New FTC Debt Settlement Rules

Earlier this week, new FTC rules aimed at debt settlement companies went into effect. These rules are aimed at preventing firms from mis-representing themselves to consumers.

Over the past couple of years, as the country sank into recession, the debt settlement industry boomed. This explosion was accompanied marketing campaigns promising to wipe away the majority of your debt with minimal downside.

But is that really the case? As I’ve noted in the past, there are a number of dangers associated with debt settlement, including damage to your credit score, income tax consequences, and the threat of lawsuits. Oh, and don’t forget the fees.

With the FTC’s new rules in place, however, debt settlement companies have to reign in their marketing. Among other things, they’re now required to disclose:

  • How long it will take to see results
  • How much it will cost
  • The negative effect of debt settlement on your credit record
  • Key details related to any “dedicated” accounts that might be used to hold the consumer’s cash during the debt settlement process

They’re also specifically prohibited from misrepresenting their services by, for example, promising to wipe away half your debt with few or no consequences. The FTC is also extending the rules governing telemarketing in this area to include calls inbound calls that you make to the company.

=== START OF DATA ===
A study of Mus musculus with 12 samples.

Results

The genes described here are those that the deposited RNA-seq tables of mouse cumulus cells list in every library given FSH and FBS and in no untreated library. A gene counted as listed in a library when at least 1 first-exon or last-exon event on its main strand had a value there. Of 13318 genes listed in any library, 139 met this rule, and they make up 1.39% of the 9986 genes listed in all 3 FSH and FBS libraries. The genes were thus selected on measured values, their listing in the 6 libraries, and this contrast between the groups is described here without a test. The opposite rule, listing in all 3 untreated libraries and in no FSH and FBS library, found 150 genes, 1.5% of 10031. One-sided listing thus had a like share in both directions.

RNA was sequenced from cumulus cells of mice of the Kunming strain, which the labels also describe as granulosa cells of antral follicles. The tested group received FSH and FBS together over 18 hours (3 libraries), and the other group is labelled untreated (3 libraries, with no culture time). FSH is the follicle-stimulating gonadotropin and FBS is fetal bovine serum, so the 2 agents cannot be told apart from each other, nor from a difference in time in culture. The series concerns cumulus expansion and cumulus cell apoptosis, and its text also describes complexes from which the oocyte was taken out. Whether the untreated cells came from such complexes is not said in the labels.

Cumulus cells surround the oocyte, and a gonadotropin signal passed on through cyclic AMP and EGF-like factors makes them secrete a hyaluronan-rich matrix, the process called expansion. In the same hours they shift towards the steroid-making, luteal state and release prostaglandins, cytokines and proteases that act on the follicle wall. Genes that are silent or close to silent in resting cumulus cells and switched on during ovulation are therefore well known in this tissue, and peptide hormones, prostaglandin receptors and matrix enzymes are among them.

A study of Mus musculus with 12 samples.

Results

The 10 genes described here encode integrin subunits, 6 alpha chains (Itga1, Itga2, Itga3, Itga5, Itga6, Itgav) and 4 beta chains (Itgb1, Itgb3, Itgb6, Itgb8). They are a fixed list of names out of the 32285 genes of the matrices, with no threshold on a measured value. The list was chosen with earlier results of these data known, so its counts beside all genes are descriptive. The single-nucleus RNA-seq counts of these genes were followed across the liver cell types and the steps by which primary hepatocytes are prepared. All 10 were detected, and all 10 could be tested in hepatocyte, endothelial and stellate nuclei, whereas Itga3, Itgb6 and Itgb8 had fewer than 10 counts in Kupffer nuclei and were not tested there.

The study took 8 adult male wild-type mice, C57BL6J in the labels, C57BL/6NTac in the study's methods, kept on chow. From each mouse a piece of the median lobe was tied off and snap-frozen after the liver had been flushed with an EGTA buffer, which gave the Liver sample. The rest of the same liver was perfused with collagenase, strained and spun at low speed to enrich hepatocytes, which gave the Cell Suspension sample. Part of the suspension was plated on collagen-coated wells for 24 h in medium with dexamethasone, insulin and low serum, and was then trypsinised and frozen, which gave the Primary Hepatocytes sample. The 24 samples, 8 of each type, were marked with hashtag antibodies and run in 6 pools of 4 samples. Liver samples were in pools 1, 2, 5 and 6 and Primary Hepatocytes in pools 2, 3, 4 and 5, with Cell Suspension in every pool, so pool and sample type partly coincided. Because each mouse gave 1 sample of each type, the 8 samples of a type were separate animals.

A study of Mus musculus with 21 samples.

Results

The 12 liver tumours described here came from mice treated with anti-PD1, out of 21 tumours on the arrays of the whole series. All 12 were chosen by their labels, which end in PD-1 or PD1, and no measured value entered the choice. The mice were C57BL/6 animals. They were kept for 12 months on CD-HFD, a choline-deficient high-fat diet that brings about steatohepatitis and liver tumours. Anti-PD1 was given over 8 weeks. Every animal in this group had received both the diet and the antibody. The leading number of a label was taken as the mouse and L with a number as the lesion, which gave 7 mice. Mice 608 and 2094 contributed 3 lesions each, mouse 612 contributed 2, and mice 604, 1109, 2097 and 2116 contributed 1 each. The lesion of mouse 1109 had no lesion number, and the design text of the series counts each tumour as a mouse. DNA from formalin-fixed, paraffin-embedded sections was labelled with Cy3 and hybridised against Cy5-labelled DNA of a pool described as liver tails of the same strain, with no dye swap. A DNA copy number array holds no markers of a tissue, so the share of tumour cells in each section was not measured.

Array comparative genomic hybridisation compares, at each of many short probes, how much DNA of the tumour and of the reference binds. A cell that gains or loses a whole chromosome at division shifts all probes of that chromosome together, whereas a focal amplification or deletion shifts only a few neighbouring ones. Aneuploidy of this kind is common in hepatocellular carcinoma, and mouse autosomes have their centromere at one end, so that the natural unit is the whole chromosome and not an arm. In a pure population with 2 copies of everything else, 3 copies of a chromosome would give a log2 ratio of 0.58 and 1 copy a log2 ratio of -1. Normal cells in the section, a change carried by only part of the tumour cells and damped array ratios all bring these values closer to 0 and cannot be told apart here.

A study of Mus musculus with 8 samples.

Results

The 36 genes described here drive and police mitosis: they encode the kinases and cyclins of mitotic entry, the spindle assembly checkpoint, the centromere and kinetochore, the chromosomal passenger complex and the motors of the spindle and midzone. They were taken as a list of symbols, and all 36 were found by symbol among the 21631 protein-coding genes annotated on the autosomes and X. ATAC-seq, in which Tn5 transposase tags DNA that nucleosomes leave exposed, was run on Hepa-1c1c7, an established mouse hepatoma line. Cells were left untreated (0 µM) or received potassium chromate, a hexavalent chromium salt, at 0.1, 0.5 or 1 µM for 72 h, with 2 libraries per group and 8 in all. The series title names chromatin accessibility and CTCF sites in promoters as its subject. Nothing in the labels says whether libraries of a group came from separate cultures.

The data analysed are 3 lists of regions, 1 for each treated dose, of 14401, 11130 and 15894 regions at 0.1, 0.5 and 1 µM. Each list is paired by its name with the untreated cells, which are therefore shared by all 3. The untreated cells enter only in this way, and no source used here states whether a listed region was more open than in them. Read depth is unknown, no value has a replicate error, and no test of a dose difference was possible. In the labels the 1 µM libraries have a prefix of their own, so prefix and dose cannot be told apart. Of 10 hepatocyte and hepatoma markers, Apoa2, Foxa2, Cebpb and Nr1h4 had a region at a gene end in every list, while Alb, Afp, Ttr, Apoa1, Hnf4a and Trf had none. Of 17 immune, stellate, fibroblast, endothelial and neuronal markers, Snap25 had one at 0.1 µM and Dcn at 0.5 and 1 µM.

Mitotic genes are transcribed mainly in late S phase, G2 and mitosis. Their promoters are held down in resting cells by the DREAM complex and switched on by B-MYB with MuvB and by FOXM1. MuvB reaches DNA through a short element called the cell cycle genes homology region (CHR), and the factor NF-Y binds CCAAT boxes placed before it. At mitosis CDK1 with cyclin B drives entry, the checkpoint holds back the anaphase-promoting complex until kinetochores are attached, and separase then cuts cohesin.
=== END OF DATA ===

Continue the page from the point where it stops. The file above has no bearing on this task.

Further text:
Another major change, effective October 27th, is that debt settlement companies won’t be able to collect advance payment. In other words, they’ll have to actually do something before getting paid instead of skimming their fees off the top before making any payments, negotiating better terms, etc.

All in all, I’d have to say that these rules are a step in the right direction, though some have questioned if they really go far enough.

What do you think? Should the FTC be stepping in to protect consumers from debt settlement companies? If so, do these new rules go far enough?


2 Responses to “New FTC Debt Settlement Rules”

  1. Anonymous

    People get out of debt by spending less than they earn, period. This is the same government that required the banks to disclose their interest rates, which we all happily ignored when we signed up for all of those credit cards and 90 days same as cash deals in the first place.
    I’m not advocating the practices of these companies, but I don’t think it’s the government’s job to save us from these guys. These companies were built because they learned to take advantage of government created loopholes. This just makes another loophole.
    I have friends who used to work in student loans. When the government took that industry over, they either moved to Credit Card Collections or Debt Consolidation companies. Trust me, they would rather have their old jobs back!
    Seems the government would rather we live off food stamps than paychecks.

  2. Anonymous

    I do think these laws are a step in the right direction to help people get out of debt and back on the right track. Companies shouldn’t be able to outright lie to people. But I read that they only apply to telephone debt settlement companies, not online. I don’t understand why there’s a difference. But I do think it should be made perfectly clear to people that the debt that’s forgiven will be counted as income for tax purposes.